I like to think that I’m informed about world events, but I know I’m not. Last year, when news of the uprisings in the Middle East was all over the radio and Internet, I felt thoroughly clueless about the issues. I knew people were protesting government oppression and corruption (or something), but what set it off? What were their goals? And when the news dwindled, I wondered what became of the protestors and their countries.
The Battle for the Arab Spring, a new book by Lin Noueihed and Alex Warren, answered a lot of my questions and gave me a better understanding of the issues. Noueihed, a reporter for Reuters, and Warren, director of a North Africa and Middle East consultancy firm, have extensive experience in the Middle East, and they use that experience to give readers an overview of the forces that led up to the Arab Spring uprisings and to chronicle the events of 2011 in the Arab world, and to consider the potential long-term outcomes. They write in a straightforward journalistic style that doesn’t assume extensive knowledge among readers but also doesn’t dumb the material down. It’s just right for a reasonably intelligent reader with only a dim background on the Middle East.
The book’s first few chapters describe the social milieu in which the protests took place. The authors explain how the lack of jobs and the corruption and greed of government officials sparked people’s outrage and how the rise of social media empowered them to speak out. They then devote a chapter each to Tunisia, Egypt, Bahrain, Libya, Yemen, and Syria. The book concludes with several chapters discussing of how the Arab Spring uprisings have affected the region as a whole and what the long-term consequences of these events may be. The authors provide extensive numbered end notes to show where they got their information (hooray!), and their approach toward some of the trickier issues is generally even-handed.
Noueihed and Warren describe the events as a “cacophony of overlapping battles,” and they do an admirable job of finding patterns amid all the noise. The fact remains, however, that it is a cacophony, and although I could follow what was happening as I was reading, upon putting the book down, I’m not able to recall exactly how the events in Yemen differed from those in Syria and what happened after the rulers of Bahrain were ousted. What I’m saying is that it’s a lot of information, and I forgot a lot more than I actually learned. (Whether near-immediate forgetting makes reading a book a waste of time is a topic for another day.)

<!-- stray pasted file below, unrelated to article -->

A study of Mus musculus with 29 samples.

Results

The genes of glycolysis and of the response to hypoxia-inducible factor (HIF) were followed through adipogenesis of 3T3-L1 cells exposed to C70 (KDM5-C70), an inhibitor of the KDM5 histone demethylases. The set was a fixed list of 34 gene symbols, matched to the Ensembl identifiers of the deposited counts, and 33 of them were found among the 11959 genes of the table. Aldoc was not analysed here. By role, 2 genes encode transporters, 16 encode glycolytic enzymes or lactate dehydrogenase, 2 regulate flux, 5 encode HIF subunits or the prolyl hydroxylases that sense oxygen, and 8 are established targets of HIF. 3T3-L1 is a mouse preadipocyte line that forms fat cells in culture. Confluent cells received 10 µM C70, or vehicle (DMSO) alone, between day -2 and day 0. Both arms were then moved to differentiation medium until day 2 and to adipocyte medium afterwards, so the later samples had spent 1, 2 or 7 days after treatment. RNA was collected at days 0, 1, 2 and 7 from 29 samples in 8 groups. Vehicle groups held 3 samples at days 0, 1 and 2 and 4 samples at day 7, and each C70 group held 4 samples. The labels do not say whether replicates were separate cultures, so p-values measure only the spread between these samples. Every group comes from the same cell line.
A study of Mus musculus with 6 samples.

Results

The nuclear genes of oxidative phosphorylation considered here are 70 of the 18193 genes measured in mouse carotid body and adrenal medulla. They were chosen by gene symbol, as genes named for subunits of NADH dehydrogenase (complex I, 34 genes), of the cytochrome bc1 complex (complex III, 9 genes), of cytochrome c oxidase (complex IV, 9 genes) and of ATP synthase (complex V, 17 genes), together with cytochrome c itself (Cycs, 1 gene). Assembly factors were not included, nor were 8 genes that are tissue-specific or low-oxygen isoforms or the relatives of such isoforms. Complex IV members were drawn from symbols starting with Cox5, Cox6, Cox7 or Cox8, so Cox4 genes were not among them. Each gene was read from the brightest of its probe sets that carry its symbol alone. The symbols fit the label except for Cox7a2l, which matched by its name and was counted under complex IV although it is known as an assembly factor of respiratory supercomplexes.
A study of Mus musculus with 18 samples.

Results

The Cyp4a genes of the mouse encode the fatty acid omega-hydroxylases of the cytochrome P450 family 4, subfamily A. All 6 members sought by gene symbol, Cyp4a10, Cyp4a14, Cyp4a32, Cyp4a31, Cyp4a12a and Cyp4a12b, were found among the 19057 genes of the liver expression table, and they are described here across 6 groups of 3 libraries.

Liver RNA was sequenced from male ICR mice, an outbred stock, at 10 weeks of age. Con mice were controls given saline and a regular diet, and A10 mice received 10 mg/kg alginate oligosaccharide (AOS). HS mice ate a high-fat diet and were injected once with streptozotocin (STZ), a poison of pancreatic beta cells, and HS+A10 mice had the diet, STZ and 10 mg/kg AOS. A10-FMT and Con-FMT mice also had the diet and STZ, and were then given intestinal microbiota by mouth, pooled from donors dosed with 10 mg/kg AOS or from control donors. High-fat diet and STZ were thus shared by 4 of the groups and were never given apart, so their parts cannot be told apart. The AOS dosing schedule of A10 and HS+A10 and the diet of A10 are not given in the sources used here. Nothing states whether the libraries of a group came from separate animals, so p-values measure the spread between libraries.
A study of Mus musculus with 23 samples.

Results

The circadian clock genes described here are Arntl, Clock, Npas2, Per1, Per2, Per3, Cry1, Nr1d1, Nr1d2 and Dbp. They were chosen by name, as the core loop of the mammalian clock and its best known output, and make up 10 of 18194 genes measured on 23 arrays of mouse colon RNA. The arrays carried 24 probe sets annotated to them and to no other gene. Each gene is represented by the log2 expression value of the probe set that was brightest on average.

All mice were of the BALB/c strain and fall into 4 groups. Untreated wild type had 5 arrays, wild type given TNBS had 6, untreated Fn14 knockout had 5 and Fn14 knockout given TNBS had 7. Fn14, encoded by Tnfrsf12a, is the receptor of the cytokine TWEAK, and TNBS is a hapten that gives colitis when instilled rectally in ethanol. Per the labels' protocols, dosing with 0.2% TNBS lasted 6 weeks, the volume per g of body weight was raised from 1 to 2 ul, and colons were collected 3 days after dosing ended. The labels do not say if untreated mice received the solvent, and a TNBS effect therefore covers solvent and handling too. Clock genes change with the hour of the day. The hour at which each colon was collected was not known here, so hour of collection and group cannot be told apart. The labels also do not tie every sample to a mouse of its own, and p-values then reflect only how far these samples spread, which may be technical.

Although I didn’t retain a lot of the details, reading this did give me a better appreciation of the complex dynamics of the Arab world. For example, some of the elections held after the uprisings led to the election of large numbers of Islamic party members, such as the Ennahda in Tunisia and the Muslim Brotherhood in Egypt. Does this mean that women and non-Muslims will face greater persecution? That’s unclear. Muslims do not all share the same beliefs about the interaction between religion and the state or about individual rights and sharia law. Noueihed and Warren speculate about what may be ahead, but only time will tell.
Right now, I’m feeling a strong case of information overload, but I hope that reading this will help me better understand the news out of the Middle East. Only time will tell about that too.